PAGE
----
Local kids set up impromptu bake sales yesterday morning, while the Salvation Army continued mobilizing countless volunteers in a dozen states for one of the largest relief efforts in history.
A Falls Church couple left home for the Delta with a bus full of donated medical and building supplies, and a national Web site -- www.hurricanehousing.org -- announced offers of more than 90,000 beds throughout the country for homeless survivors of Hurricane Katrina.
Homespun or high-tech, relief efforts moved forward this weekend in area neighborhoods and across America.
On a corner near their home in affluent Chevy Chase, Solomon and Cecilia Goldfarb, ages 8 and 6, and their neighborhood friends sold brownies and lemonade yesterday morning, gleaning more than $300 from passing bicyclists, motorists, even a city bus driver. Because their parents all offered to match whatever they earned, by early afternoon, they had delivered more than $1,000 to the American Red Cross.
"I hear there are lemonade stands going on everywhere," said their mother, Aviva Goldfarb. She said she thinks that many parents raising families amid affluence were hoping to open their children's eyes to the needs of others.
"A lot of us want to teach our kids some values," she said.
Less than a week after Katrina hit, U.S. help for victims already has surged past the level raised for South Asian tsunami relief in the same period, nearing the $100 million mark, according to charities and experts. More will be needed, all agreed. In the face of what seems like an insurmountable challenge to rebuild lives, as well as cities, giving in ways large and small helps people watching the tragedy feel less helpless.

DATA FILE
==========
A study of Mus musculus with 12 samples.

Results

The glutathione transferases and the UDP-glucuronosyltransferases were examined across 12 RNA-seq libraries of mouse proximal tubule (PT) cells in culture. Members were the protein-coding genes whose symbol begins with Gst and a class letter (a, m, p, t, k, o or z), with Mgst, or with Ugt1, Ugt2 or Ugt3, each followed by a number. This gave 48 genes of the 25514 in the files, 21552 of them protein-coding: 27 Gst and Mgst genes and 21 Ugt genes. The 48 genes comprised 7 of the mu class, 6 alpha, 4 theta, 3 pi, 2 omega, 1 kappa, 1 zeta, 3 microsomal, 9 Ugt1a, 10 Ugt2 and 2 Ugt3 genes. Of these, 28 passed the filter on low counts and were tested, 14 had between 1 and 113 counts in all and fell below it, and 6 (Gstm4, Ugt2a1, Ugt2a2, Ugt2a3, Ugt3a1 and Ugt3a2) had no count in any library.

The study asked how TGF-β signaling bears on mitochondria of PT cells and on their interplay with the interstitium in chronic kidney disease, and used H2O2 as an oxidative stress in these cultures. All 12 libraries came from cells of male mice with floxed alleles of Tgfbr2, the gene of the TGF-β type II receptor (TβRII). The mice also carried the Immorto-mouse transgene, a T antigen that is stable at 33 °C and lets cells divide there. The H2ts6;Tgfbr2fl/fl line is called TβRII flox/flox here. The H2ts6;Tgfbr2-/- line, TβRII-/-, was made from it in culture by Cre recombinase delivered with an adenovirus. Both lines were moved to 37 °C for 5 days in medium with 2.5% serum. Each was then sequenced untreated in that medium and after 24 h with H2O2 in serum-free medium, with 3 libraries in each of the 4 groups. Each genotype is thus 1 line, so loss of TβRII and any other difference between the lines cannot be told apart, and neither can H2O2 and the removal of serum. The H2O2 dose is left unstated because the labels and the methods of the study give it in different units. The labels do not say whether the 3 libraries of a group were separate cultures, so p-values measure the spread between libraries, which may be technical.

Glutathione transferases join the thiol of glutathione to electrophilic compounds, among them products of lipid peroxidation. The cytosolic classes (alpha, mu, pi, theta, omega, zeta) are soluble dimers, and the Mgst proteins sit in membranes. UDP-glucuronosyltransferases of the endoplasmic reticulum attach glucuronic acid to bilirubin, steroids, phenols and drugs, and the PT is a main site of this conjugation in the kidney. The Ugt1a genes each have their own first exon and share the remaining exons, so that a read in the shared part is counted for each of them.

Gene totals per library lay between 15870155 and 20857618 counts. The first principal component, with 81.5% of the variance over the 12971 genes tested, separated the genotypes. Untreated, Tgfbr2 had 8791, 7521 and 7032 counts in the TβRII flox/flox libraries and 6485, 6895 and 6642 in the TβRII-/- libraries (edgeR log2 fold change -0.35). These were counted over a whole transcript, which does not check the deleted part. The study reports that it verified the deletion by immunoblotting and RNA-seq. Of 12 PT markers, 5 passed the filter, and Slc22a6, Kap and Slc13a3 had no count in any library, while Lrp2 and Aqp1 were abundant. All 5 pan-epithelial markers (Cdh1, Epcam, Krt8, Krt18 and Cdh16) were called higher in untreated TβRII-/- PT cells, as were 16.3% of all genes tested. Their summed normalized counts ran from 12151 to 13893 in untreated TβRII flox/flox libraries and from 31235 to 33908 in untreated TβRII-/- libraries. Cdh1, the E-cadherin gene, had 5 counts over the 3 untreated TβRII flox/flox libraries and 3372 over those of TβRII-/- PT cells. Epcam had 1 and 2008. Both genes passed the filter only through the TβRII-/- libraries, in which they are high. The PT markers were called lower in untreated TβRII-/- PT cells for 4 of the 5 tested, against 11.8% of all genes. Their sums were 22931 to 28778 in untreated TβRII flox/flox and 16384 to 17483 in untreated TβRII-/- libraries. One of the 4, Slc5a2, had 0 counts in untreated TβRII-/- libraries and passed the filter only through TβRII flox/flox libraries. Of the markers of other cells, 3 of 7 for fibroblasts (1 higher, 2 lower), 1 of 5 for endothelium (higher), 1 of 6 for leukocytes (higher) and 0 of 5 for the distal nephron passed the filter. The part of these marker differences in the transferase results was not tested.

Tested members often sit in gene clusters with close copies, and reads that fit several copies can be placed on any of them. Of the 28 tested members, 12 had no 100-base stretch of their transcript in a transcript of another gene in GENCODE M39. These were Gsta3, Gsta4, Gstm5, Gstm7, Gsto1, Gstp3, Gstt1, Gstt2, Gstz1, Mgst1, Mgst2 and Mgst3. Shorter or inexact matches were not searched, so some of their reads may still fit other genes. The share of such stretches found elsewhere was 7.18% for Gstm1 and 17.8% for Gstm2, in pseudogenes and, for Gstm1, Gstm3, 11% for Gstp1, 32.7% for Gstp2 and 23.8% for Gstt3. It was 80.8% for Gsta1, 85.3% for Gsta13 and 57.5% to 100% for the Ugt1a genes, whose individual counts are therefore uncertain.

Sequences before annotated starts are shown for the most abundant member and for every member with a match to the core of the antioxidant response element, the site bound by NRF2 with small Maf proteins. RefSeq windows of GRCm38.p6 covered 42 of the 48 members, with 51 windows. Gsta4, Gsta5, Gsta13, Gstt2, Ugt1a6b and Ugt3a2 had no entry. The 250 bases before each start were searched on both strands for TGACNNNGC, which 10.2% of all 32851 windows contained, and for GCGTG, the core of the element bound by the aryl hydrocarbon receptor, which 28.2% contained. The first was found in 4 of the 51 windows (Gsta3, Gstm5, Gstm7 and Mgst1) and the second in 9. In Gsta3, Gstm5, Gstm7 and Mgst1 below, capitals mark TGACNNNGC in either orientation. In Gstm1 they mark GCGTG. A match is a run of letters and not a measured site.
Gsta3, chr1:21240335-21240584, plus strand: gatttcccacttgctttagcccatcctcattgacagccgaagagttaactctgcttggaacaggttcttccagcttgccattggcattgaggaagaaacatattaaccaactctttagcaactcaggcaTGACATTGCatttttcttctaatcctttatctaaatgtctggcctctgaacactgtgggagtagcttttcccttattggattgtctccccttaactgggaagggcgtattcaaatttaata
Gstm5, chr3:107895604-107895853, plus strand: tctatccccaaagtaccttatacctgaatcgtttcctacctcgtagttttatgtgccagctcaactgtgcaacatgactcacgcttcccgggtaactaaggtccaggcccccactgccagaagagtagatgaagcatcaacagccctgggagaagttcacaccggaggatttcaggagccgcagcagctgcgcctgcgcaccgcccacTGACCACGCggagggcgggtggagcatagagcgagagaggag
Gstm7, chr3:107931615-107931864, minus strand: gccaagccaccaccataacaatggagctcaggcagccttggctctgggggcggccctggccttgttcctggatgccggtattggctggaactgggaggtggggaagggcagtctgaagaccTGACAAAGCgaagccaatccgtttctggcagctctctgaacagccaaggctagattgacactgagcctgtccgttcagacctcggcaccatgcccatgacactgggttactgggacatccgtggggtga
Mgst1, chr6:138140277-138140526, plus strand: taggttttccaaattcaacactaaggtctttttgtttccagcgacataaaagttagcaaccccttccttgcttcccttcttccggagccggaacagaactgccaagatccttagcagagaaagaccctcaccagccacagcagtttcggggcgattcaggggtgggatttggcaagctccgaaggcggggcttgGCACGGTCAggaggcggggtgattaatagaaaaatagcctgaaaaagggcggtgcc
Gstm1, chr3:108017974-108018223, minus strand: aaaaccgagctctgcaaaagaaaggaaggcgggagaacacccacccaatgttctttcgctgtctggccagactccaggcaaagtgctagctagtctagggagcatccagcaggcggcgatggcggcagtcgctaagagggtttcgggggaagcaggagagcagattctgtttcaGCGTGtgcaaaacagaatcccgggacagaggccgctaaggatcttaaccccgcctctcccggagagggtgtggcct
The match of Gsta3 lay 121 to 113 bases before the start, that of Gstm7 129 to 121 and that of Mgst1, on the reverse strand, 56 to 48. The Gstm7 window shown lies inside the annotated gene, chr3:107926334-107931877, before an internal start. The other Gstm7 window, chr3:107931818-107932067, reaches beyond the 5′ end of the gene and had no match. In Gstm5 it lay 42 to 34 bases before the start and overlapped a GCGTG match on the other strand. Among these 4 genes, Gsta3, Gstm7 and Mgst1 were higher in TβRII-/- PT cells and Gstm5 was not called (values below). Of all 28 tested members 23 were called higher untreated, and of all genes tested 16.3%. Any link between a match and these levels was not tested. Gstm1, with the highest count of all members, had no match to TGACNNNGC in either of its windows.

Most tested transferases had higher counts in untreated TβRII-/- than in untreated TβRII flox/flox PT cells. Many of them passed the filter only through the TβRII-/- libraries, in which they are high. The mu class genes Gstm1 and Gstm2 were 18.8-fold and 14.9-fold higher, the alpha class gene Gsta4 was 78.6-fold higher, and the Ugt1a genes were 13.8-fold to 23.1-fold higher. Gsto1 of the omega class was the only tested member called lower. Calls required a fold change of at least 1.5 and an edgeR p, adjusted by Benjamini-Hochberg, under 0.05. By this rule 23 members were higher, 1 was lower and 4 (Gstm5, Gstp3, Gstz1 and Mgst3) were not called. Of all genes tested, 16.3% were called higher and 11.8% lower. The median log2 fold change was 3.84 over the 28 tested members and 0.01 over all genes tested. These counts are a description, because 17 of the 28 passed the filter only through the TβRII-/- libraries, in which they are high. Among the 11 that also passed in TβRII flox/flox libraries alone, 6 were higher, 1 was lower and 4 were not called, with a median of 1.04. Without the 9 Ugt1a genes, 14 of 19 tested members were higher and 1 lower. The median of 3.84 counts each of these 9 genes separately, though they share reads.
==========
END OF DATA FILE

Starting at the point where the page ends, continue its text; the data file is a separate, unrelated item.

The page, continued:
"They've got to start from scratch. It's just devastating," said Tia Young, who along with members of the Falls Church-based Widows and Orphans of God spent yesterday morning gathering donations of clothes and housewares from stores. "This is what it's all about, or what it should be about."
By yesterday evening, they were helping 10 storm survivors bed down in local homes. The group included a grateful and utterly exhausted Sonyetta Cook and her three young children. She lost her home in Pass Christian, Miss., and her day-care business.
"We've lost everything but our lives," Cook said. "Still, we're blessed."
In Hyattsville, Angela Frazier's apartment was filling up with shoes and clothing, even teddy bears donated by her neighbors in Hyattsville and nearby Chillum.
"This is a poor neighborhood," Frazier said. "People who come from poor neighborhoods know what it's like."
Baltimore Mayor Martin O'Malley (D) said yesterday that his city is planning to send a convoy to Louisiana tomorrow morning consisting of more than 30 fire, police, transportation and public works vehicles.
In Silver Spring, members of Moose Lodge 658 sent out a call for donations of everything from toothbrushes and baby wipes to tarps and building supplies.
When they get enough emergency supplies to fill a tractor-trailer, they plan to drive the donations to the Moose Lodge in Baton Rouge for distribution.
"A lot of people want to do something," said Thomas Kenny, an official at the Silver Spring lodge. "If everyone in Silver Spring brought a toothbrush, we'd fill up the truck in no time."
By yesterday evening, Kevin and Nancy Walker from Falls Church had reached Knoxville, Tenn., in their donated bus full of emergency supplies destined for distribution to churches in Baton Rouge. They planned to bring home evacuees in their bus. Their neighbors have offered rooms to displaced people who need them. But the whole effort is a work in progress, Kevin Walker said as he drove.